I find it difficult to sympathize, i.e. feel the same emotion about the same thing as another person, with most people. Their concerns don’t seem pertinent, and moreover they don’t seem concerned with things that are important. I used to question myself, if there’s something wrong with me because of this. now I don’t think so. I’ll introduce one aspect that the “average person” seems to experience that I don’t, which I call Aggressor Sympathy.
Aggressor Sympathy is sympathizing with the perpetrator of a violent, immoral or criminal act. What lead me to devise this notion (I’ve no idea if psychologists have a different term for the same phenomenon) is the curious reaction the general public has to many tragedies. One such thing is suicide bombers. At least in the past the public seemed shocked and horrified more by suicide bombers rather than ordinary warfare. I on the other hand felt willing to blow yourself up for your cause is courageous, even if it’s not admirable nor wise, whereas killing people by firing a gun, dropping bombs or piloting a drone to kill people is sort of lame. Also people are generally horrified by suicide, and offended by the notion, whereas I’ve considered it a personal choice. Why the people feel that way is, according to my reasoning, due to Aggressor Sympathy. They can imagine themselves in the place of the aggressor, the one committing suicide simply for the sake of suicide or to kill others, and as they do not want to die, they feel horrified. When they feel Aggressor Sympathy for the soldier pulling the trigger or piloting the drone, their emotional reaction is lighter as this kind of violence has little effect on the aggressor. That’s why there is no outrage from the “main stream” people about drone strikes, because it doesn’t make them feel anything.
Let’s look at Aggressor Sympathy from other angles. 9/11 for example, people can sympathize with the notion of zealous terrorists hi-jacking planes and committing suicide strikes on buildings. They can sympathize, meaning they can imagine how it would feel, and they don’t like the feeling, so they hate the act and the idea, but they cannot sympathize the conspirators of an inside job to murder their own countrymen to further their political goals. This idea does not make sense to them as the juvenile public is still stuck in the archaic notion of us vs them. One country/ religion/ ideology against another. One team is red, another is blue, and they fight. The public cannot sympathize with people who see things differently.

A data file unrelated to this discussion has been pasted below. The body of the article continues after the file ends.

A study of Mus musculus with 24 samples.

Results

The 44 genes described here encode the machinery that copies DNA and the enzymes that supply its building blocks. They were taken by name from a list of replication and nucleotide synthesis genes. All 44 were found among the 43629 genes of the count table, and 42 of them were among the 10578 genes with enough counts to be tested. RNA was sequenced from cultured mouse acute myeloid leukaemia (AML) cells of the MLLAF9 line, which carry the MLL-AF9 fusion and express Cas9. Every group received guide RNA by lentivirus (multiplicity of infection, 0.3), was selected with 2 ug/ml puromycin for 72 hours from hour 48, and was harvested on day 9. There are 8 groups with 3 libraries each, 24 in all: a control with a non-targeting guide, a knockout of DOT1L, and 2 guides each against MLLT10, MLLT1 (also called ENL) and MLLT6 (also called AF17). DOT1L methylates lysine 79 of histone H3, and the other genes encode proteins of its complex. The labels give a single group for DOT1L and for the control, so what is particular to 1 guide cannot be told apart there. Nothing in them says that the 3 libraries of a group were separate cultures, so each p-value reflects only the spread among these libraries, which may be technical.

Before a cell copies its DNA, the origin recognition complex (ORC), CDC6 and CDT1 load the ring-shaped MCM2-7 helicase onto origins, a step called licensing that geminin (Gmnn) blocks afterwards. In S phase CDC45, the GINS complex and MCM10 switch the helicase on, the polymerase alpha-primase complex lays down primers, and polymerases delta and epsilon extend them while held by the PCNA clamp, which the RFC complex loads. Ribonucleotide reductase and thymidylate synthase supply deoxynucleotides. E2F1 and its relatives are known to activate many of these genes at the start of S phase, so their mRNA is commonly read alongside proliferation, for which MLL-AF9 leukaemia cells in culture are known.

The public sympathizes with the authority, which is the greatest aggressor and criminal there is. Be it Bush/ Obama, the pope, the CEO. They sympathize with the aggressor, that the decisions they make cannot be easy, and furthermore they project their own childish benevolence onto the aggressor. “If I was in that situation, I’d do the best I can.” They cannot sympathize with the notion that the CEO only cares about profit and his career, not the man working for his company. The politician cares only about his agenda and paycheck, not the people he is supposed to represent. The priest cares only about power over others and not closeness to God.
Perhaps the public condemns criminals like rapists, robbers and murderers too, because they know the aggressor will be punished harshly if and when they are caught, and they fear that fate. The act of violence and the fate of the victim does not concern them so much.
Perhaps I’m wrong about this. Perhaps I just don’t understand the common man and his motivations for supporting the system. Maybe I sympathize more with the victim, which has its own problems. I tend to see the whole of society as an aggressor, and the people as the victim. The real problem in cases like these is reacting with emotion to begin with, and not looking with your eyes and thinking with your mind.